The Wind’s Way


This month, contributing writer Jackie Harding shares a vivid journey from Porthleven to Wynwallow in stormy weather with Cornish Story. Read below to discover more.

As we set out from Porthleven on a wild and windy Sunday near Christmas, we were already looking forward to lunch at The Halzephron Inn, as famous for its smugglers as its food. Resisting the temptation to retreat before we began, we followed the road to the edge of Porthleven and as the houses dwindled and the road narrowed we clambered the craggy footpath to the cliff top. The sea below was wild and violent and the wind roared. I struggled to put one foot in front of another; fragments of poetry were blown half-forgotten around my mind.

Tennyson, Queen Victoria’s friend and one of the first tourists to take the train into Cornwall over Brunel’s bridge, recalled such a day: “the sea wind sang shrill, chill, with flakes of foam.”

Comforted by words in another place, like mariners cast ashore in Prospero’s vengeful storm we braved the mutinous winds and battled through the roaring between the green sea and the azured vault. Swinburne describes echoes of heraldic duels and wild souls crying in such a wind. In the clouds he saw shapes like dreams; my heroic energy was spent struggling to move forward as I pushed against the invisible wind using all my strength just to stay upright.

Under siege we held firmly onto our young son as he led us to a pill box perched twenty metres above the wild waves. A shingle reef, formed when the harbour was blasted, causes massive breakers that today attract surfers from around the world. In the past many ships were sea-swallowed here.

Daniel Defoe visited Cornwall around the time of writing Robinson Crusoe. In his letters he described the force and violence of the mighty ocean and also popularised the myth of a fierce and ravenous people eager for prey: the Cornish Wrecker. It is doubtful that Defoe, or the earlier travel writer, Richard Carew, who both described visits to this area, braved the surges at Loe Bar where vicious undercurrents make it treacherous for adventurers from sea or shore.

Loe Bar is a stretch of shingle bridging the sea and a natural lake. Across the bar Loe Pool is where Tennyson’s Knight, Bedivere, reluctantly cast Arthurs’s sword, Excalibur, and wondered as it was caught by an arm clothed in white. I saw no such ethereal wonders in the same still waters, unperturbed as I fought the storm in the air, windblown sand stinging my cheeks. Head down, skeletons of leaves and shells, feathers and bones, dried seaweed and grasses whirled past my feet; shadows of cormorants and gulls.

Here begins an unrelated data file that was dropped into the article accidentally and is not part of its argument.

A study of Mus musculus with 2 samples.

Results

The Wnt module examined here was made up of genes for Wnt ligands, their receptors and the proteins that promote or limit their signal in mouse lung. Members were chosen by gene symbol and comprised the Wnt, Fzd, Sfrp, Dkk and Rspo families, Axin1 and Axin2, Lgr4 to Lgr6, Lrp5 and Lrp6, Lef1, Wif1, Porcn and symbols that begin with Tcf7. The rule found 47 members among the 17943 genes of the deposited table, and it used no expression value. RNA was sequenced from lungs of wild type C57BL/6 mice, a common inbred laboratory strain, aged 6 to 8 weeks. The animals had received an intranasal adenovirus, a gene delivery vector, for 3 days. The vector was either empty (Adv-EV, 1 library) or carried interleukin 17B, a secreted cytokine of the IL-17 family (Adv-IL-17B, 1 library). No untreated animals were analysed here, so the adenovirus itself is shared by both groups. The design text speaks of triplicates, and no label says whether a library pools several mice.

At the end of the beach heading south is a memorial to more than a hundred men who drowned here en-route to fight Napoleon. When HMS Anson was beached on a day like this two centuries ago, locals denied the wrecker imagined by Defoe and Du Maurier’s Jamaica Inn.

On this occasion, among the helpless locals trapped on the shoreline unable to reach the drowning men, was a boy, Henry Trengwine. The tragedy prompted the boy to dedicate his life to the invention of a rocket propelled life-saving apparatus, still used today. The fate of the bodies washed ashore and left to rot before hasty burial in unconsecrated ground led to an Act of Parliament the following year which made it a duty to provide a decent burial to those lost at sea.

Towering waves and the strongest gales drove us to a higher path, away from the cliff edge. The sun came through the clouds revealing blackberries that were never going to ripen. Bog cotton and furry caterpillars, a few lone yellow flowers and hardy campions kept us on track. The sun shone momentarily on the sea, silvery at rest.

Out of nowhere there appeared before us a vision complete with crenellations and a flag pole; a 1920s bungalow perched on the edge of the cliff, a tiny piece of suburbia huddled in the middle of the storm. The wind continued to bully me as the landscape became bleak once more.

I found myself in a country lane: the wind fell silent. Calm accompanied me to Wynwallow where there has been a settlement since pre-historic times. A dairy farm nestles by the sea; a herd of black and white cows and a bull with a ring in its nose waited placidly in the farmyard. The ancient church, squat in the shingle, is known as The Church of Storms because it has withstood the attack of the sea and the sand since, perhaps, a thousand years before Shakespeare imagined Prospero’s tempest. Not being ready to fade like his insubstantial pageant, needing more than dreams to sustain our bones, we finally reached the inn. Built in 1468 it has its own stories to tell.

Enjoyed reading this article? You can also read Jackie Harding’s article from last month by clicking here.

Photography by Rosie Beale who studied English at Truro and Penwith College. She now studies at Plymouth University. You can see more of her pictures of Cornwall on Flickr.

Jackie Harding graduated from the University of London in 1987. With over 25 years teaching experience, she is also a published journalist and has an interest in teaching Creative Writing at university level.